In a Workmen’s Compensation policy, what is the difference between fatal and non-fatal accidents?

A workmen’s compensation policy is mandatorily prescribed by law for all organisations which employ workmen for their business operations.  They are required to protect their workmen against physical or physiological injuries or death suffered during the course of employment. In case the employee faces death, disablement or injury due to the nature of his/her work, the employer would be liable to pay a compensation for the contingency suffered by the employee. A workmen’s compensation policy covers this liability faced by the employer and pays the compensation to the unfortunately injured employee or the deceased’s workman’s heir.

A workmen’s compensation policy covers the following instances of claims –

  • Accidental death
  • Permanent total disablement
  • Permanent partial disablement
  • Temporary total disablement
  • Diseases suffered by the employee due to the nature of work
  • Any other type of personal injuries suffered due to work

These injuries, death and disablements should have occurred due to an external, violent and unforeseen accident. Only if the employee faces any physical injury due to accidental causes does the claim under a workmen’s compensation policy arise. There are two types of accident which might occur – fatal and non-fatal.

A fatal accident is one where there is death, or a high risk of loss of life of the employee. In case of a fatal accident, the employee might die or suffer severe disablements. Non-fatal accidents, on the other hand, are those accidents which don’t have a high probability of death. In the case of non-fatal accidents, the employee or the workman might however suffer disabilities or any type of personal injuries.

Both fatal and non-fatal accidents are covered by a workmen’s compensation policy, provided such accidents result in any of the above-mentioned contingencies. Fatal accidents are taken as those which result in death, or permanent total disablement, permanent partial disablement or fatal injuries. If any of these contingencies occur, the workmen’s compensation policy would pay the claim faced by the company. In the case of non-fatal accidents though, the covered contingencies might not occur. The employee or worker might not face any type of disablement or injury from such accidents. If the employee or workman suffers from a type of disablement and the disablement does not last for more than 3 days, the claim would not be paid. As a result, in many workmen’s compensation policies, non-fatal accidents are usually not covered unless they cause a disablement which lasts for more than 3 days.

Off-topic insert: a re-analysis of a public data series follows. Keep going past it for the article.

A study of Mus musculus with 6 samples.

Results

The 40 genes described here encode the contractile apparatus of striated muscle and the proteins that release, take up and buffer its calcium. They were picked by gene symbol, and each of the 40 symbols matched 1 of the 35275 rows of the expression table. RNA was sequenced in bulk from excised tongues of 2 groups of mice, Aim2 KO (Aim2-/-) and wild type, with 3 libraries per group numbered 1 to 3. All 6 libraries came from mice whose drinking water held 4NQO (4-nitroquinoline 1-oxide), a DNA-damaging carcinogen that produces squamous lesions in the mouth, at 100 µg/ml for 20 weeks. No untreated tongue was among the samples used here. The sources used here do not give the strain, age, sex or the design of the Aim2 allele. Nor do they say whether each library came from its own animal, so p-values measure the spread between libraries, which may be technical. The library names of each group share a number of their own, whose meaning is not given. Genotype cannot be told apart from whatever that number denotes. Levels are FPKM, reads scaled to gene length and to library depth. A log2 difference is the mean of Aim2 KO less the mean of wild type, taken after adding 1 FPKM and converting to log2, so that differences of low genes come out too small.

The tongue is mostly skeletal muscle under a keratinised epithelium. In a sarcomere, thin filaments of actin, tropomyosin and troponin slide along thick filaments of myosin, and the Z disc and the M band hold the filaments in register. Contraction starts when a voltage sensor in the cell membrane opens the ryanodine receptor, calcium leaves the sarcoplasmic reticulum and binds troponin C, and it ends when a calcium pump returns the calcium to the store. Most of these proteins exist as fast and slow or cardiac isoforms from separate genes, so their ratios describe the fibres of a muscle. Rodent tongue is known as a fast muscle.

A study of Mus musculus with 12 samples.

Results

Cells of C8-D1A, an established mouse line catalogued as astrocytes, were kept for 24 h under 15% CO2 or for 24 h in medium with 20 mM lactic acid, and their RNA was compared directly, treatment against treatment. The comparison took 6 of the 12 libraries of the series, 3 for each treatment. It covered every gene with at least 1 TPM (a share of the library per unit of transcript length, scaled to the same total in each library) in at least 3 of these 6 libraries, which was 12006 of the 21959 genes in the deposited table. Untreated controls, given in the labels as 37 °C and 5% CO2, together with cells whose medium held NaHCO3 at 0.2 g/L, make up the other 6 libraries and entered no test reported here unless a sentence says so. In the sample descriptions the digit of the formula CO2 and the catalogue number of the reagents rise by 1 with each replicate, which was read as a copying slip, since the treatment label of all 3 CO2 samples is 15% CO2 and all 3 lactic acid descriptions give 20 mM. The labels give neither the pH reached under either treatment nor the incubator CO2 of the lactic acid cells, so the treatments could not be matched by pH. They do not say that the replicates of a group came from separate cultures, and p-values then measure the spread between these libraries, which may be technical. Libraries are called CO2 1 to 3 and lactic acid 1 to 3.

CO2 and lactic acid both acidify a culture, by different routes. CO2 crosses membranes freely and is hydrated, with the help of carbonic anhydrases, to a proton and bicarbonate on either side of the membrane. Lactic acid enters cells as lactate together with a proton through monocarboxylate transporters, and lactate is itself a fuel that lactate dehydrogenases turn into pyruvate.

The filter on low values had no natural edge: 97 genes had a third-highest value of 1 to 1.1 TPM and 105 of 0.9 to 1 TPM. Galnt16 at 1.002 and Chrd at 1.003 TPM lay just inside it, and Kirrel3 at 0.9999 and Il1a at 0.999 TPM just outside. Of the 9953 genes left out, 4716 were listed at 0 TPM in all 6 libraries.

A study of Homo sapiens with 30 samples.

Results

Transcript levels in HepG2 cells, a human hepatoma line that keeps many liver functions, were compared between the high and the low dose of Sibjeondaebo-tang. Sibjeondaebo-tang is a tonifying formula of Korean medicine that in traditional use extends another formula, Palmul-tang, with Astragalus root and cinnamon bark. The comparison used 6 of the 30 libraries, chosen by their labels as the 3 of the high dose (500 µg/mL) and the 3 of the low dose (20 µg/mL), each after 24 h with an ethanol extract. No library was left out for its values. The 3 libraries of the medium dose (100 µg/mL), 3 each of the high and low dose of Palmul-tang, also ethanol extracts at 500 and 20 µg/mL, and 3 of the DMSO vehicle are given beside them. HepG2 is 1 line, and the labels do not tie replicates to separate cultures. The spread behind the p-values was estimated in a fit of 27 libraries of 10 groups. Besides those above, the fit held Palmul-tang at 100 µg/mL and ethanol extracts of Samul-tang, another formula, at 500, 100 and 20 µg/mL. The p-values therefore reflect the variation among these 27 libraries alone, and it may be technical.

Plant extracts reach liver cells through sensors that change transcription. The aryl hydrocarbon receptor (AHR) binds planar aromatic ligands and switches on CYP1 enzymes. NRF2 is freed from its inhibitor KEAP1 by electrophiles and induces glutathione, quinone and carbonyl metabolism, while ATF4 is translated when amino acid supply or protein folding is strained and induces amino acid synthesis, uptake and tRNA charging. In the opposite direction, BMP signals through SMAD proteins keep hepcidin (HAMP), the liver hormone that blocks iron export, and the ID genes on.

Companies should, therefore, understand the scope of coverage offered by a workmen’s compensation policy. They should take note of the types of contingencies covered under the policy to know which types of accidents would be covered. If non-fatal accidents are not covered under the plan, injuries arising out of such accidents would not be covered. However, since non-fatal accidents do not result in major injuries, the company can expect to face a minimal liability, which it can usually pay on its own. 

A workmen’s compensation policy, therefore, covers major instances of accident-related claims which lead to financial distress for the company. Find a range of offerings from SecureNow, with quotes at least lower by 20% than the market and better benefits at our website : click Enjoy the convenience of viewing online quotes from multiple insurers, pay the premium online, and receive the policy online as well. Click on the link today!